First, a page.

Rouget de Lisle & La Marseillaise : episode 3











Declaration of War

The extreme hostility from the monarchies of Central Europe against revolutionary France led to the declaration of war on 20 April 1792. This declaration was preceded by an ultimatum France had presented to the King of Bohemia and Hungary on 25 March 1792, ordering King Francis I to disperse the large exiled French royalist faction assembled on the frontiers in the Rhineland, as it posed a threat to France. Above, on page 2, one can read the accusation the Nation Françoise addressed to Francis I who rejected the ultimatum.

On 20 April 1792, King Louis XVI, “King of the French” and no longer “King of France” as stated in the Constitution of 1791, came to the Legislative Assembly. Charles-François Dumouriez, acting as new minister for Foreign Affairs, read the report for the proposal to the declaration of war that was to be signed by the king. The Assembly adopted the proposal by 750 votes to 7.

One Evening in Strasbourg…

4-ill6_VAL_PRE_7_038On 25 April 1792, the mayor of Strasbourg, Baron Philippe Frédéric de Dietrich, plastered the walls of the city with broadsides used for proclamation of the declaration of war and greeted the volunteers during patriotic rallies.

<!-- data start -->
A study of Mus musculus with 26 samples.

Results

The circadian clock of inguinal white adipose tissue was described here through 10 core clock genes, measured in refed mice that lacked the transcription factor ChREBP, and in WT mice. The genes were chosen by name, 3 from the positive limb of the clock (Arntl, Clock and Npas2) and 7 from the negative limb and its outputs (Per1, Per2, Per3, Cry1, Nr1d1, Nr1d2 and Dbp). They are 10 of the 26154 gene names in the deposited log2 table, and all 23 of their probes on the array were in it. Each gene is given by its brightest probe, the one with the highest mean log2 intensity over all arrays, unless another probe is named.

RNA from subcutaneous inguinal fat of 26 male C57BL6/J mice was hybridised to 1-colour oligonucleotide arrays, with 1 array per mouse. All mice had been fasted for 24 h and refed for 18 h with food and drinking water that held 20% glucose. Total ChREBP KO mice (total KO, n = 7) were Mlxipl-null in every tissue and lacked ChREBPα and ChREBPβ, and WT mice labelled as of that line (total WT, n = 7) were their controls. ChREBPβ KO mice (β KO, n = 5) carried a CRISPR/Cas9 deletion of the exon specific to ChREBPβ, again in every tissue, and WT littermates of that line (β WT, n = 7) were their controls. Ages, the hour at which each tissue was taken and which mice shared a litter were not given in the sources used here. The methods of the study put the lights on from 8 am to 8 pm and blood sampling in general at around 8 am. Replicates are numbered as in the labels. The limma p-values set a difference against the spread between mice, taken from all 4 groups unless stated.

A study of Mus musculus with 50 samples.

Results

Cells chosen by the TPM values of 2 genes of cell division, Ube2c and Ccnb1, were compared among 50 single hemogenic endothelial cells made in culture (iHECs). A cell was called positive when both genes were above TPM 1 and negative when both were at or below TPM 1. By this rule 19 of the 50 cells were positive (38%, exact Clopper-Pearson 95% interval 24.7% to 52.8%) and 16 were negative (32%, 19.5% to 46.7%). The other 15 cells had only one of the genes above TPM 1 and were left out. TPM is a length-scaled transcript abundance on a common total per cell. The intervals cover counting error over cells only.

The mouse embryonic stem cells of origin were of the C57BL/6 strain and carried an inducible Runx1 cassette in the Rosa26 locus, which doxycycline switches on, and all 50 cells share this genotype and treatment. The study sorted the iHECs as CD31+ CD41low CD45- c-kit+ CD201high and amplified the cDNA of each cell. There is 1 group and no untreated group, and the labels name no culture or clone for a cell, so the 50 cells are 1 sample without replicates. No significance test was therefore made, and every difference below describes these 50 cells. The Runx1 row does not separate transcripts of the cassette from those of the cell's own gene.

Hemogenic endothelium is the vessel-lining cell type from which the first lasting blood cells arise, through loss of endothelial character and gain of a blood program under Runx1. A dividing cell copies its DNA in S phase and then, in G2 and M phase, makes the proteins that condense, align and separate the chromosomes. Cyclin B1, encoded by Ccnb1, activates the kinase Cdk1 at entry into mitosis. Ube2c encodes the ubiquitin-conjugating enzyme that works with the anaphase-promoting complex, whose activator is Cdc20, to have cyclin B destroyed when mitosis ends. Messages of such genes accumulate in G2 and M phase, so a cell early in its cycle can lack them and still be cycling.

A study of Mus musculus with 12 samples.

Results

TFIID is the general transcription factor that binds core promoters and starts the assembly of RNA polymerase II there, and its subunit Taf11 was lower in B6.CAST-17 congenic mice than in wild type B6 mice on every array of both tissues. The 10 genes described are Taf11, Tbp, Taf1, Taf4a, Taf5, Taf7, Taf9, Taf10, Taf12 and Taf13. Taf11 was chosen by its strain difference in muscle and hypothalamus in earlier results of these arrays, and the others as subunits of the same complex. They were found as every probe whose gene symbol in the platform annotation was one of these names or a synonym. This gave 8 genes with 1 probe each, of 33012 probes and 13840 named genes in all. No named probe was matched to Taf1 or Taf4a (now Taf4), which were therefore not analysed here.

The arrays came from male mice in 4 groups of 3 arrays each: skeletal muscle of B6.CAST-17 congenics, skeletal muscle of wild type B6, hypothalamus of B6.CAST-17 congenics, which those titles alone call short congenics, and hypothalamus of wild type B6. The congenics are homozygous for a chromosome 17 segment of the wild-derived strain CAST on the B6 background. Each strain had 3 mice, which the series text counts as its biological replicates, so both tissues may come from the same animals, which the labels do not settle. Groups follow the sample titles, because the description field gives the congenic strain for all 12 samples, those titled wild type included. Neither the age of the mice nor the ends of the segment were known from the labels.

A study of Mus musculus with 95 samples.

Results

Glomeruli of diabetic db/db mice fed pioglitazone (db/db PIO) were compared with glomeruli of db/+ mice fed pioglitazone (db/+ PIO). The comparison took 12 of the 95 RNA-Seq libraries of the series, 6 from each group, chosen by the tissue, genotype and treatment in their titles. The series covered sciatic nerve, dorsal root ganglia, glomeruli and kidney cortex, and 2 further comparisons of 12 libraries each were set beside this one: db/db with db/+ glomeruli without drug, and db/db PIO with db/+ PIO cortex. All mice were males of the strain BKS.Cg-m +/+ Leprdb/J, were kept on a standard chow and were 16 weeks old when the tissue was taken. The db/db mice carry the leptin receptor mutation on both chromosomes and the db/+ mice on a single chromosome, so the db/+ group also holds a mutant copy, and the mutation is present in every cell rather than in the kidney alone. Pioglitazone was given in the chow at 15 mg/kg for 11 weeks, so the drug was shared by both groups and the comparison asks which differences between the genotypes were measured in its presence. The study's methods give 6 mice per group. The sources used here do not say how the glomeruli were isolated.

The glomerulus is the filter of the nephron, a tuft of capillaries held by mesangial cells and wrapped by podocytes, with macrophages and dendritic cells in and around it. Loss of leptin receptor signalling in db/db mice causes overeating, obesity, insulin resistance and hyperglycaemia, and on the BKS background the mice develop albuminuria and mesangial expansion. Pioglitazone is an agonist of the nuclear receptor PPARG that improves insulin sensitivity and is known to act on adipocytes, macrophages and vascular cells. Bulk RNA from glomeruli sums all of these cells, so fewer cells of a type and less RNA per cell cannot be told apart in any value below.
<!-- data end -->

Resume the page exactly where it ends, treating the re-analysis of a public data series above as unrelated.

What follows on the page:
It is believed that during a reception given the same evening, de Dietrich deplored that there was no appropriate song to fit the new developments. He turned to Rouget de Lisle, known for his taste in music and poetry, and said : “Monsieur de Lisle, please write for us a fine song for this soldiering people springing up from everywhere to protect their endangered fatherland, and you shall be worthy of the Nation”.

At the end of the evening, Rouget de Lisle returned home where he wrote the music and the lyrics of the Chant de Guerre pour l’Armée du Rhin (War Song for the Army on the Rhine).

The following morning, he visited the Baron de Dietrich. Greatly inspired by the new song, the mayor brought together the same guests as the evening before and performed the new song in his tenor voice, accompanied by Rouget de Lisle on his violin and his wife or niece on the piano.

Before Philippe-Jacques Dannbach printed the song dedicated to Marshal Nicolas Luckner commander the Army of the Rhine, the Dietrich family, soldiers and officers garrisoned in or passing through Strasbourg and traveling salesmen begun spreading all over France handwritten versions of the song. Many printers followed suit.